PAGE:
Has the UK economy turned the corner?
By Hamish Champ
Posted 5 February 2013
There are faint signs – although signs nonetheless – that the UK economy is veering away from total meltdown.
Data from the latest Markit/CIPS UK Services PMI Index suggests that areas such as hotels and restaurants, computing and IT and what are colloquially known as ‘personal services’ traded well in the first month of the year.
This has led various experts to hail a recovery of sorts might be under way, since the size of the UK services sector relative to that of the overall economy means when that it improves everything starts looking up – and vice versa.
I suppose it will only require an alternative take on the country’s economic performance to send the experts into a tizzy again, but at least the data appears to be reflecting what we at PRW hear on the ground a lot of the time, namely that things aren’t as bad as are being made out in certain quarters of the media.
Of course no-one is denying there is still a long way to go in terms of the UK's economic recovery. Manufacturing is performing relatively well, although the blip remains construction.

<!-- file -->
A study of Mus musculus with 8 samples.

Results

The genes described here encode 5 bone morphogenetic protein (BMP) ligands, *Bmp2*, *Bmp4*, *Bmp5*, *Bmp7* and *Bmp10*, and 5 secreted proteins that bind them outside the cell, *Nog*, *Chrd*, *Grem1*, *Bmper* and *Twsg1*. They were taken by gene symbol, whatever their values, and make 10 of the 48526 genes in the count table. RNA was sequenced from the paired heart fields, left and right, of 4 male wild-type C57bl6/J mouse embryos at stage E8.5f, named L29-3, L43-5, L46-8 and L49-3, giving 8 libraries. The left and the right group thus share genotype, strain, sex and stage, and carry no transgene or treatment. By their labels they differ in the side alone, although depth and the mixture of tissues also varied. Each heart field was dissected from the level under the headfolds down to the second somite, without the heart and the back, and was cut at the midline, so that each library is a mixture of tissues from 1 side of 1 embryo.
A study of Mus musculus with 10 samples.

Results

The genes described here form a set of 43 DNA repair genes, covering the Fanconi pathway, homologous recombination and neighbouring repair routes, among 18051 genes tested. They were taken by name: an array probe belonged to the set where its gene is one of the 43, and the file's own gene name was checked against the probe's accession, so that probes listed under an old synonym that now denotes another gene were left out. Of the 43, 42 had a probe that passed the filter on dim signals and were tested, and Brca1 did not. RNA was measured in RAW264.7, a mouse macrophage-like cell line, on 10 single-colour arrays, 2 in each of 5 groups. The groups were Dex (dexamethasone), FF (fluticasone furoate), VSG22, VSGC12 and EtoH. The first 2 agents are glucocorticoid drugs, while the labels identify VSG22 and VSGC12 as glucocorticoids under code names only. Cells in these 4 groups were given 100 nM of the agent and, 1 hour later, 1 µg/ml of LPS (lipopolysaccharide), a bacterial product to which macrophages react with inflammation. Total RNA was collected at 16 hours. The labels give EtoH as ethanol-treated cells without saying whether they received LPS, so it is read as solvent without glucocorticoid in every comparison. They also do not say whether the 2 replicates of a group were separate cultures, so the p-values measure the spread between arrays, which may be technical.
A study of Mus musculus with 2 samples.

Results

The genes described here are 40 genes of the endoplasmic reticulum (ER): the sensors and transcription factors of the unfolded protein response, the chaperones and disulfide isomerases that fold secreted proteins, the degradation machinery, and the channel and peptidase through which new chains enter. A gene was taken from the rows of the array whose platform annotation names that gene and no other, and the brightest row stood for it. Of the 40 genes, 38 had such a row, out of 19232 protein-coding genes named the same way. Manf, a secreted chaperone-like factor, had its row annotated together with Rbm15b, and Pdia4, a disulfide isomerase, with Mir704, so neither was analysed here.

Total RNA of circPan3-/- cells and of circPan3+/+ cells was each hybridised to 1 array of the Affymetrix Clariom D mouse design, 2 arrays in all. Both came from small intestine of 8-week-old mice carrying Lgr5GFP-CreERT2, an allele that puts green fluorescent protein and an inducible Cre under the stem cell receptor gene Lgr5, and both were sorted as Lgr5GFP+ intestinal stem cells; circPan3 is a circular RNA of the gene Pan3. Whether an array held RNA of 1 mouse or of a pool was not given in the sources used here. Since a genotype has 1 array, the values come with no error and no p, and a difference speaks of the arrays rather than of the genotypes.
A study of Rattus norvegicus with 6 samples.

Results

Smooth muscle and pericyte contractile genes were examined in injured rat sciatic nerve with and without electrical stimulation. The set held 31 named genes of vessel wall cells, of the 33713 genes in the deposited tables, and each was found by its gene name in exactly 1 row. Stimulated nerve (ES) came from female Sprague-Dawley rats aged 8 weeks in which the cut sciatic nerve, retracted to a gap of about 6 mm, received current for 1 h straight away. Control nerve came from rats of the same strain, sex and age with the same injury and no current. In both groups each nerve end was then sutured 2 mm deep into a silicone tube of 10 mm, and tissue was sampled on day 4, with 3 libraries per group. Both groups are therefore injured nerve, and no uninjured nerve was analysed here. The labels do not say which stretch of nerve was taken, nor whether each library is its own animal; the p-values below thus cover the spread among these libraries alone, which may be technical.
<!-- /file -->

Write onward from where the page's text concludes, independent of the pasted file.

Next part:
A growing concern at the moment is sterling's recent fall against the euro, which has made things particularly tricky for a number of operators in the UK plastics sector, not least material distributors and their processing customer base.
Suppliers face making tough decisions about whether to pass on all, some or none of the resulting increases in raw material prices to their customers.
I suspect few will pass the whole lot on, with others looking to assuage what price increases are put through with something to soften the blow.
It is times like these that supplier/customer relationships truly come into their own.